WASHINGTON — The military judge presiding over hearings against the alleged masterminds behind 9/11 and the attack on the USS Cole should step down due to "conflicts of interest," a defense lawyer said Tuesday.

Richard Kammen, defense attorney for Abd al-Rahim al-Nashiri -- a Saudi national accused of orchestrating attacks against both the USS Cole and French tanker MV Limburg -- filed a "motion to disqualify or in the alternative request the recusal of Colonel James Pohl as military judge."

The motion was filed last week but it was not made public by the Pentagon. However, Kammen revealed the contents of the request to AFP.

Pohl -- the longest-serving judge in the US military -- was slated to retire on October 1, 2010, after 30 years of service, but continues to work on "special status" renewed each year, with a monthly salary of $10,577, according to the Pentagon.

"Because Judge Pohl is on a retirement recall status and can have his contract terminated every year, and he serves at the pleasure of what I call the military bureaucracy, it's inappropriate for him to be the judge," Kammen said.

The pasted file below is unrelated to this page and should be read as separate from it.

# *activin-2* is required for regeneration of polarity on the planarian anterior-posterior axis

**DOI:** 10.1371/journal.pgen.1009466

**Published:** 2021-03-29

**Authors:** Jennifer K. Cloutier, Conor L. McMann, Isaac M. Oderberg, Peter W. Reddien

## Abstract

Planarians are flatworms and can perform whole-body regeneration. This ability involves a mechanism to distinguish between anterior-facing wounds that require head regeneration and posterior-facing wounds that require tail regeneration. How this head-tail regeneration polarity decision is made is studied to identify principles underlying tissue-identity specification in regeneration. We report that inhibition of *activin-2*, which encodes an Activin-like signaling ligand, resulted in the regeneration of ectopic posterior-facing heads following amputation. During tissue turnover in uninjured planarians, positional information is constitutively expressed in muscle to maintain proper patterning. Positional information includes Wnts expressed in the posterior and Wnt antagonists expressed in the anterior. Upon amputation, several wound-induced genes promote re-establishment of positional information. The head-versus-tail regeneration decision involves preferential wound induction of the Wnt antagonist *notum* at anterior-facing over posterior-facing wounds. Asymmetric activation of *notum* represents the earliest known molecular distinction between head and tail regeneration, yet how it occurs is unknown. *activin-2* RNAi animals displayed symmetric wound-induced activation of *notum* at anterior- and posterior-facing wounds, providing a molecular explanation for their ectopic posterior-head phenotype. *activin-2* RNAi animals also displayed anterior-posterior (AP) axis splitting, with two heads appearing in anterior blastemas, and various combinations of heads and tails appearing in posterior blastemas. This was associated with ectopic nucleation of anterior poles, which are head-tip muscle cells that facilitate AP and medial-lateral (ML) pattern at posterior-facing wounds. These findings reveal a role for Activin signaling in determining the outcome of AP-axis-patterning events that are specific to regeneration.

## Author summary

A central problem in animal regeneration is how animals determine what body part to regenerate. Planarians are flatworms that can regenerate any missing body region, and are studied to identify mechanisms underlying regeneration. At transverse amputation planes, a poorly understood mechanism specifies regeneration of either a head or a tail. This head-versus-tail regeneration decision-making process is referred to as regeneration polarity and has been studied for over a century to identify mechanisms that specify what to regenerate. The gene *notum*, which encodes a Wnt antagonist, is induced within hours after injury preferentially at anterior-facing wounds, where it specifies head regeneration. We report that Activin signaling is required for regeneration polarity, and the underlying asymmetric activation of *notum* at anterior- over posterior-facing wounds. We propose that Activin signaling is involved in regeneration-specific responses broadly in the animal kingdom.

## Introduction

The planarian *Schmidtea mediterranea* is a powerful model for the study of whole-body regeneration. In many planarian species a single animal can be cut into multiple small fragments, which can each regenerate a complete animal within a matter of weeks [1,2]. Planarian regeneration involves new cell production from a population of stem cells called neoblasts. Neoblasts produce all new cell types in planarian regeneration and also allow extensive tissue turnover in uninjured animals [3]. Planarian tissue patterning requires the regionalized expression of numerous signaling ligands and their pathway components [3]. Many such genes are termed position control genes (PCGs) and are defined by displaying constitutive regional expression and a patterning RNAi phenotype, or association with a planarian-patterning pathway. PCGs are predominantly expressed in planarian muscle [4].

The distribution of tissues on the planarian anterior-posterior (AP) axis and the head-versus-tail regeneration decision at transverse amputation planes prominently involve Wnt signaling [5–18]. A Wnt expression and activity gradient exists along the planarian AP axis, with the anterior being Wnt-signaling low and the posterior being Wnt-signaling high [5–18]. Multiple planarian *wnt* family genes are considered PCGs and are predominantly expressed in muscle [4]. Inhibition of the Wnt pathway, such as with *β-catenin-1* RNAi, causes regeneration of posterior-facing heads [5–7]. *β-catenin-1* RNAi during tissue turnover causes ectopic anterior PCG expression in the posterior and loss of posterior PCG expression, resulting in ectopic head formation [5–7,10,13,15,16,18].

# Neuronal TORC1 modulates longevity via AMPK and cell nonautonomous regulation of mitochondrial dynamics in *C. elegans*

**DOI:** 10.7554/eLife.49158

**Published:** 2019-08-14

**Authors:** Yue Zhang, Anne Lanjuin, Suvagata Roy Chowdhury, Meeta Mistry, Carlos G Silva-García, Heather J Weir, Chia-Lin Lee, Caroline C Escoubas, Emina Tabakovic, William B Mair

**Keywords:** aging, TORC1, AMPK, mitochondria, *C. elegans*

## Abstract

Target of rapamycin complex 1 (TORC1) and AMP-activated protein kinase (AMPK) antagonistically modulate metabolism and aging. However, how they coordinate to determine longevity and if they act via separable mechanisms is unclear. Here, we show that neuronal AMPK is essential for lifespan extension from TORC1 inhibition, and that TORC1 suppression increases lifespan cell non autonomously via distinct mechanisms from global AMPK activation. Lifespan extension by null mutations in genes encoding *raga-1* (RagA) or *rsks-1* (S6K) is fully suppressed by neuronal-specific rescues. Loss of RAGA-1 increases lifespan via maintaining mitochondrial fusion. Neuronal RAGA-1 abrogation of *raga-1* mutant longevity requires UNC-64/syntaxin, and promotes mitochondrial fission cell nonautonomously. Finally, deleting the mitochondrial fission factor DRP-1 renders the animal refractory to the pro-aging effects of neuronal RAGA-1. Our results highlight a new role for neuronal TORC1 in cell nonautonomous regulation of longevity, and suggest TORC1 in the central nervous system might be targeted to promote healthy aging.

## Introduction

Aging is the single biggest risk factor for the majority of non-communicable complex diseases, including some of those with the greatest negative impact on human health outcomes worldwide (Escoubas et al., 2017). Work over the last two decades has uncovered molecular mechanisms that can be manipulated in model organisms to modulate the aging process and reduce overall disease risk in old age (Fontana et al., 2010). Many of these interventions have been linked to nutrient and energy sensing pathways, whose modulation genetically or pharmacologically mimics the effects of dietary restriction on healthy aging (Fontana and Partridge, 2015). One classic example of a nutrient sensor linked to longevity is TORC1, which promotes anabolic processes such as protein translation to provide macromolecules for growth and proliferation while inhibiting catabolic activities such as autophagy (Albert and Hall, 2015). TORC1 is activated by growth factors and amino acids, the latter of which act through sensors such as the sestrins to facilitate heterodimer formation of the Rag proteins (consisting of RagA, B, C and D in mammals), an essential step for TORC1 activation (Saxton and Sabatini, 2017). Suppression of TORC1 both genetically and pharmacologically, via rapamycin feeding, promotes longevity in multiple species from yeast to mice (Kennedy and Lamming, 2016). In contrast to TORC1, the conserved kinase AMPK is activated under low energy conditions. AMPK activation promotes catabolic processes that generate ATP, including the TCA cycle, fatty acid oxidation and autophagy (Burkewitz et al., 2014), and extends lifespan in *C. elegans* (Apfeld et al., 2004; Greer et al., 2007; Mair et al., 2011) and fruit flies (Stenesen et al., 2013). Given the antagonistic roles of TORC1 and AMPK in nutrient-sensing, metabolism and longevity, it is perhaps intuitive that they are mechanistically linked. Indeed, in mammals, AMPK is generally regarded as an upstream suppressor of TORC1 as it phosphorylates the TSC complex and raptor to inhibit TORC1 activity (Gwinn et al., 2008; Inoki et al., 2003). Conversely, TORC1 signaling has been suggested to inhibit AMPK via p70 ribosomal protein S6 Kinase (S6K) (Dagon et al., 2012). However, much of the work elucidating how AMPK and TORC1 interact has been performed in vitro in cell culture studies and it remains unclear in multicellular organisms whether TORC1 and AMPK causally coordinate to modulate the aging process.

"There's a financial incentive for Pohl to rule in favor of the bureaucracy, Kammen added. "If (Pohl) issues rulings that displease the bureaucracy, his contract won't be renewed."

There is precedent for such beholden judges to rule in favor of what Kammen calls a bureaucracy, he said.

"In the history of military commissions, when a judge enters orders that displease the bureaucracy, they get fired. We think that creates some legal conflicts of interest. Under the law, that requires the judge to recuse himself."

Pohl is the only judge operating out of Guantanamo, according to the Miami Herald, a Florida newspaper that first reported the affair.

Pohl assigned himself to the case against Nashiri, Khaled Sheikh Mohammed and four others accused of attacking the World Trade Center in 2011.

A preliminary hearing will review the motion on July 17th at Guantanamo, Kammen said.